Most people think of trauma as an emotional reaction to a harrowing experience. But more often, our bodies respond to trauma long before we’ve had an opportunity to wrap our minds around what has transpired.
“Unfortunately, trauma is pervasive and it can have lasting negative effects that can impact us mentally, physically, socially, emotionally or even spiritually,” says Lisa MacLean, M.D., a psychiatrist at Henry Ford Health. In fact, it’s a safe bet that many of us are navigating the world without even realizing we have experienced a traumatic event.
What Is Trauma?
Trauma is an emotional response that results from disturbing or life-threatening events like natural disasters, sexual assault or global pandemic. The experience activates the amygdala, a structure in the brain responsible for detecting threats. The amygdala sounds an alarm and the body is flooded with stress hormones as part of the fight-flight-or-freeze response.
During the weeks that follow such traumatic events, it’s normal to have intrusive thoughts, hyperarousal and mood disturbances. You may also feel irritable and sad or disconnected and numb.
Symptoms that are more worrisome include loss of interest in preferred activities, avoidance and unhealthy coping strategies such as substance abuse. You may even experience physical symptoms like headaches, GI distress and nausea.
“For many people, those symptoms will gradually diminish, and they’ll get back to living their lives,” Dr. MacLean says. But for a subset of people, stress hormones remain elevated and memories and distressing thoughts intensify over time. When those troubling symptoms last more than 30 days, that’s a sign you may have post-traumatic stress disorder, or PTSD.
Early Childhood Trauma
Most of us will experience at least one major traumatic event, and usually we move through it without ongoing distress or suffering. Whether or not you carry emotional scars with you after a traumatic event has a lot to do with how your body and mind process it. For children, working through trauma can be especially difficult.
“Trauma can occur at any age, but it has particularly debilitating long-term effects on children’s developing brains,” Dr. MacLean says. In fact, people who have four or more adverse childhood experiences, or ACEs, are more likely to abuse drugs and alcohol, engage in risky sexual behaviors and attempt suicide later in life.
- Physical, sexual or verbal abuse
- Physical or emotional neglect
- Parental separation or divorce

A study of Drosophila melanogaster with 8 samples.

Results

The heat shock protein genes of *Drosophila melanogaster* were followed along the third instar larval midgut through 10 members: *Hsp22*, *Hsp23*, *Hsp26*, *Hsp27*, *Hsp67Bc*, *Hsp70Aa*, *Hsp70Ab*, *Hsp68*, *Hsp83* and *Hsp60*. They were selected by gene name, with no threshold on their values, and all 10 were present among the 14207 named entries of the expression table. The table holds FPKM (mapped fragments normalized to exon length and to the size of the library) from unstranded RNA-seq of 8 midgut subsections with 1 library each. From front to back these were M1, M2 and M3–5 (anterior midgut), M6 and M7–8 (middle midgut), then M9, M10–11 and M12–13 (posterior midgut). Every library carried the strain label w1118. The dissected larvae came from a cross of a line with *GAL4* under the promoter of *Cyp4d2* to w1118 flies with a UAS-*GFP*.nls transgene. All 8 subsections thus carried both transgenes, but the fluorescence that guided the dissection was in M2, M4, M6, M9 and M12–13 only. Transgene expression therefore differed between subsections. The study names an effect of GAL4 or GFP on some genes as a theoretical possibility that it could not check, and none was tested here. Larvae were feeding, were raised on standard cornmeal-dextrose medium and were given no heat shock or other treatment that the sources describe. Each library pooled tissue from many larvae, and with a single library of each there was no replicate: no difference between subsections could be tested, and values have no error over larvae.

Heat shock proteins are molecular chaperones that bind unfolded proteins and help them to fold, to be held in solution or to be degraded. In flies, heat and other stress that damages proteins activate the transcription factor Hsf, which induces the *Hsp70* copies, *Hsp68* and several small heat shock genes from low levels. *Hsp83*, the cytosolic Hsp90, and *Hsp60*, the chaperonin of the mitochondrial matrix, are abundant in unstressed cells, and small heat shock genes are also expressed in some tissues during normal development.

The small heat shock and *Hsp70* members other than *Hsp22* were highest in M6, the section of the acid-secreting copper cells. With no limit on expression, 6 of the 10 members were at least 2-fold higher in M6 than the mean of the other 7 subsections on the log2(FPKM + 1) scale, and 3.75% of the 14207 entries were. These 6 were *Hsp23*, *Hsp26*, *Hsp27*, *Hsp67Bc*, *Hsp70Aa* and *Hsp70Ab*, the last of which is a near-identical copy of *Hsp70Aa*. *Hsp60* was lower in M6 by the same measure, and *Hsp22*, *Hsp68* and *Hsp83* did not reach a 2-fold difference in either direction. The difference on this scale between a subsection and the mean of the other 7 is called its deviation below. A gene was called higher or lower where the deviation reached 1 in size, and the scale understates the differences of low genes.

- A family member with mental illness
- A family member addicted to drugs or alcohol
- A family member who is in prison
- Witnessing a parent being abused
Unfortunately, these experiences are commonplace in American society. According to the Centers for Disease Control and Prevention, more than 60% of American adults have at least one ACE, and 16% have four or more ACEs. These impacted people may bear the long-term effects of trauma and struggle to hold down a job, trust other people, maintain relationships or cope with change.
How To Release Trauma
Not all traumatic experiences will lead to lifelong suffering. Many people who experience trauma go on with their lives without lasting negative effects. But others may experience traumatic stress reactions and require treatment.
“Trauma can sometimes cause mental health problems or make you more vulnerable to developing them, depending on whether you’ve had prior traumatic experiences, suffered from abuse and other factors,” Dr. MacLean says.
If you are experiencing the ongoing effects of trauma, there are things you can do to help your body heal after the threat has passed, such as:
- Know your triggers. Pay attention to the exposures and experiences that precipitate a stress reaction. Then take steps to avoid those triggers.
- Develop coping strategies. Whether you prefer to meditate, exercise or breathe deeply, taking time out for self-care can help you move through trauma. Block off five minutes to try a new breathing exercise. Search YouTube for a 15-minute meditation. Or go for a 30-minute run. Better yet, come up with a suite of self-care options and rotate through them each week.
- Connect with others. One of the best ways to combat the negative effects of trauma is to build a strong support network. Whether you participate in group therapy, foster familial relationships or form a network of people who share your experiences, establishing close connections is a powerful buffer for trauma.
Most importantly, do not suffer in silence. “It is possible to heal from emotional and psychological trauma,” Dr. MacLean says. “We know that the brain changes in response to traumatic experiences. Working with a mental health professional who specializes in trauma can help you to leave it behind you and learn to feel safe again.”